At times improving clay soil is a difficult process. I have been to places where "red/orange" is the only color the soil seems to be. It is heartbreaking, but there is help for those who really want to correct it.
Clay soils come in a variety of textures and colors. From Oklahoma's reddish orange clay to the darker gumbo clay of the deep south. There is even an edible white clay, but that is a different story.
The most radical improvement will involve removing the top layer of clay soil and replacing it with good topsoil. This is especially true if you live in a part of the world where clay seems to be the only soil you have. A less radical approach is the addition of topsoil incorporated by topdressing and core aeration. Click here for step by step information on Top Dressing Lawns.
There are also other reasons for removing the top layer to improve clay soil. Home builders are notorious for burying your good topsoil, while leaving the clay sub-surface layer on top. Regardless of your situation, if complete lawn restructuring is your chosen method for improving clay soil, here is where you will find some sound advice.
Problems Planting In Clay Soil
Clay soil has some advantages. The most notable is that it holds water and resists erosion well.
It also has disadvantages that could necessitate improving clay soil where you live. Below are some of the disadvantages of clay soils.
Before Any Work Begins
First, know that sometimes improving clay soil can a difficult process. Please know that it takes skill and knowledge to do the job right.
If you do it yourself, you may need the use of a tractor and dump truck. Tractors you can rent, but not usually dump trucks, which often require a class b commercial license. You need knowledge of rough grading, forming a subgrade, sprinkler installation (if you want them), etc.
You also need to know how your improvements could affect your neighbor’s lawn and the flow of rain water. You may need to get permits before you start any work, so be sure to check first.
Important Legal Information
In many states it is illegal to grade or add to your lawn so the finished work raises the level of your lawn making it higher than your neighbor's lawn. If you cause water to run into or flood your neighbor's lawn (where it didn't before the work was performed) you may be legally responsible to fix it.
Some people may find it best to hire a professional. Improving clay soil can be overwhelming for a beginner. However, many homeowners have done this successfully as long as they follow sound practices. If you want to do the work, but have some reservations, consult with a professional for advice before work begins.
Important: Please Read
The following advice is not a step-by-step guide on improving clay soil where extensive work is involved. Nor is this a complete How to Improve Clay Soil guide for removing the top layer soil. Improving clay soil in each lawn presents its own challenges and there is no single formula that will fit them all.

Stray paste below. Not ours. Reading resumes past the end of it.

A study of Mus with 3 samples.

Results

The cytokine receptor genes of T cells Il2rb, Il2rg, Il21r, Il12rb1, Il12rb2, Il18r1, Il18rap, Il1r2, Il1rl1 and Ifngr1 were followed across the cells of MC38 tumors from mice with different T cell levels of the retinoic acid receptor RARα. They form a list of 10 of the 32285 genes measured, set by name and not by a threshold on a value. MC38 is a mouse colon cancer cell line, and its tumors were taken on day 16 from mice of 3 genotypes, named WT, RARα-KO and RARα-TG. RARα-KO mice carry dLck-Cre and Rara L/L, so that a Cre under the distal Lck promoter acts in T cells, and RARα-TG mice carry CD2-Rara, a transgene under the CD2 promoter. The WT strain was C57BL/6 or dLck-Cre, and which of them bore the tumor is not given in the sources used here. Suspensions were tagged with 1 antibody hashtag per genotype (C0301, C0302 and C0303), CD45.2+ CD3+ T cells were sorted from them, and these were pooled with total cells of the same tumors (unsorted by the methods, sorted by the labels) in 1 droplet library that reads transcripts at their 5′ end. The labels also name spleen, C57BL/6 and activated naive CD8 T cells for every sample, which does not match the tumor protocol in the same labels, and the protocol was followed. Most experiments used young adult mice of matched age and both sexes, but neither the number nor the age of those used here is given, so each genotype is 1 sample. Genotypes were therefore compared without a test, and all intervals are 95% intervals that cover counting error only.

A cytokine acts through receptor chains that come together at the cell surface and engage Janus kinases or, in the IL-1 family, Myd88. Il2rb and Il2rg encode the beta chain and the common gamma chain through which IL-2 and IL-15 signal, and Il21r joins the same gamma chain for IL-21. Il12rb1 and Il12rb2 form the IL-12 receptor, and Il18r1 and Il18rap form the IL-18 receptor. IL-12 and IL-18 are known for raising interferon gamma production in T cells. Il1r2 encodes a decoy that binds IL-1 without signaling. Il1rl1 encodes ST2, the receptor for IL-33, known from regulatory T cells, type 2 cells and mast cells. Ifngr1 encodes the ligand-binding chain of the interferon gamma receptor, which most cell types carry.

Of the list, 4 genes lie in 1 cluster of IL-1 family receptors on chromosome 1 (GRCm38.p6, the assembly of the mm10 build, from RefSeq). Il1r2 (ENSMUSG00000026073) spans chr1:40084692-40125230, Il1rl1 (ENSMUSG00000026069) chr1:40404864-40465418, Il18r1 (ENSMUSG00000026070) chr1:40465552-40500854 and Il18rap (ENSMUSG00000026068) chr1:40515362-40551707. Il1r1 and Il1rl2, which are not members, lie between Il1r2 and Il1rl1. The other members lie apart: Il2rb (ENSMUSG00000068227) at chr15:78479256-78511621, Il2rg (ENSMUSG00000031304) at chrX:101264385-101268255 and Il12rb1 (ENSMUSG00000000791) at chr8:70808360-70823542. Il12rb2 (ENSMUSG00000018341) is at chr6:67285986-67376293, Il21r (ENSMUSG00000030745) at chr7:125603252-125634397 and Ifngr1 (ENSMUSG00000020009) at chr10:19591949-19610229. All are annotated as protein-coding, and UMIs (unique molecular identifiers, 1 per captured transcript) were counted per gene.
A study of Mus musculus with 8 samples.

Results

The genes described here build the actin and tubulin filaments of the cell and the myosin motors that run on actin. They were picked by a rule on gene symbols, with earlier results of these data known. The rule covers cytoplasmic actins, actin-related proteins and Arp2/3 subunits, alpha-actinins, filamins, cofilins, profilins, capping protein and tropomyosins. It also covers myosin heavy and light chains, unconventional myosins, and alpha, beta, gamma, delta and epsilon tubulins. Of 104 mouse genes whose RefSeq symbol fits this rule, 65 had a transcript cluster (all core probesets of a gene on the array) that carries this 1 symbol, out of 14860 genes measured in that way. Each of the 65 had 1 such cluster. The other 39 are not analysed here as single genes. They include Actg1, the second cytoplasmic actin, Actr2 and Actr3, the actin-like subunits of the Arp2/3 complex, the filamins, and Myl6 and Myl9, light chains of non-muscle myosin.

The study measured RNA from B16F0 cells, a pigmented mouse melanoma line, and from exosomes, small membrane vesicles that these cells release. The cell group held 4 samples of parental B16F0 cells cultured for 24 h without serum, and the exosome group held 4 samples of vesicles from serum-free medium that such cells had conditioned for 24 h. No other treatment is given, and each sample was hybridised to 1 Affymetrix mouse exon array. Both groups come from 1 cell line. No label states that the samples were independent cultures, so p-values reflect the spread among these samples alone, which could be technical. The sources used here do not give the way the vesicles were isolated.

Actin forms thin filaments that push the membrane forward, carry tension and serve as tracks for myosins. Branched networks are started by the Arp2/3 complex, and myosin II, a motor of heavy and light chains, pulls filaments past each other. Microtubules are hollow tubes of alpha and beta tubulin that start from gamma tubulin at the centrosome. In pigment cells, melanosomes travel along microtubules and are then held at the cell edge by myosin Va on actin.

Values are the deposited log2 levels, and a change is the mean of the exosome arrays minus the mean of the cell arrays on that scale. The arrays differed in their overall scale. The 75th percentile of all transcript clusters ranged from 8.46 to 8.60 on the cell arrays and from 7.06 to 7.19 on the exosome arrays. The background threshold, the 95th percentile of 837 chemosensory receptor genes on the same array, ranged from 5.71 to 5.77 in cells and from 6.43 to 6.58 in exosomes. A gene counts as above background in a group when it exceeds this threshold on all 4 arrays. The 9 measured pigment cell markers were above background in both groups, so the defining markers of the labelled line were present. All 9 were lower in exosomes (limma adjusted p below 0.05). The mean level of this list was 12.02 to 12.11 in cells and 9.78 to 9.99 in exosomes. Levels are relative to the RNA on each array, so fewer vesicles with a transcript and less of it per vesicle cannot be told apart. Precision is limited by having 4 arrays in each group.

Considering if Soil Removal is Necessary
You will need to determine if the removal of any soil is actually necessary for improving clay soil at your site. You may determine that you can get by without removing any. Here are a few things to look for:
Understanding the Subgrade
Unless you are experienced at improving clay soil where extensive work is required, you might consider hiring a professional. Here’s why.
After you remove the top layer of soil, the surface you are left with will look pretty rough. There will be holes, low spots, raised areas, etc. Before the topsoil is brought in, the surface will need to be carefully smoothed out. This lower surface is often made of clay and is called the subgrade. It forms the foundation for the topsoil and must be graded just right so the water drains properly. The subgrade will have the same slope and contour as the surface will have after the topsoil is added.
The most important thing: The slope of the subgrade will need to be sloping away from the house. It needs to be as smooth as possible. If the subgrade is made too flat or slopes back toward the house, you will have problems when it rains. The rain water will often follow the subgrade surface and could pool in low spots, against the house or under foundations if it is graded improperly.
Once the subgrade is formed correctly be sure to remove any rocks, wood, or trash from the surface. You will find that some contractors will bury sheetrock, lumber, or other material under that load of topsoil because it is easier than hauling it away. However, they cause their own problems.
Problems that can occur with burying objects.
Applying Topsoil To the Subgrade
After the rough grading, the next step of improving clay soil is to bring in the topsoil. The topsoil should be six to eight inches thick for your grass to develop the best root system. Spread the topsoil evenly over the prepared subgrade or graded surface.
If you performed a soil test on the topsoil, this is the time to apply any corrective amendments, such as lime, compost, phosphorus, etc. Fertilizers can be raked into the surface easily as well.
A riding lawn mower and a pull behind lawn roller will come in handy. Rolling the lawn will not compact the lawn greatly and will help show low and high spots quickly. The lawn will always settle, but by rolling the lawn first you can instantly see where extra raking needs to be done.
You can also use this stage in the renovation process to install any drainage tiles, retaining walls, sprinkler systems, install planters, or for planting trees.
With your project of improving clay soil almost complete, the lawn is ready for seeding or sod.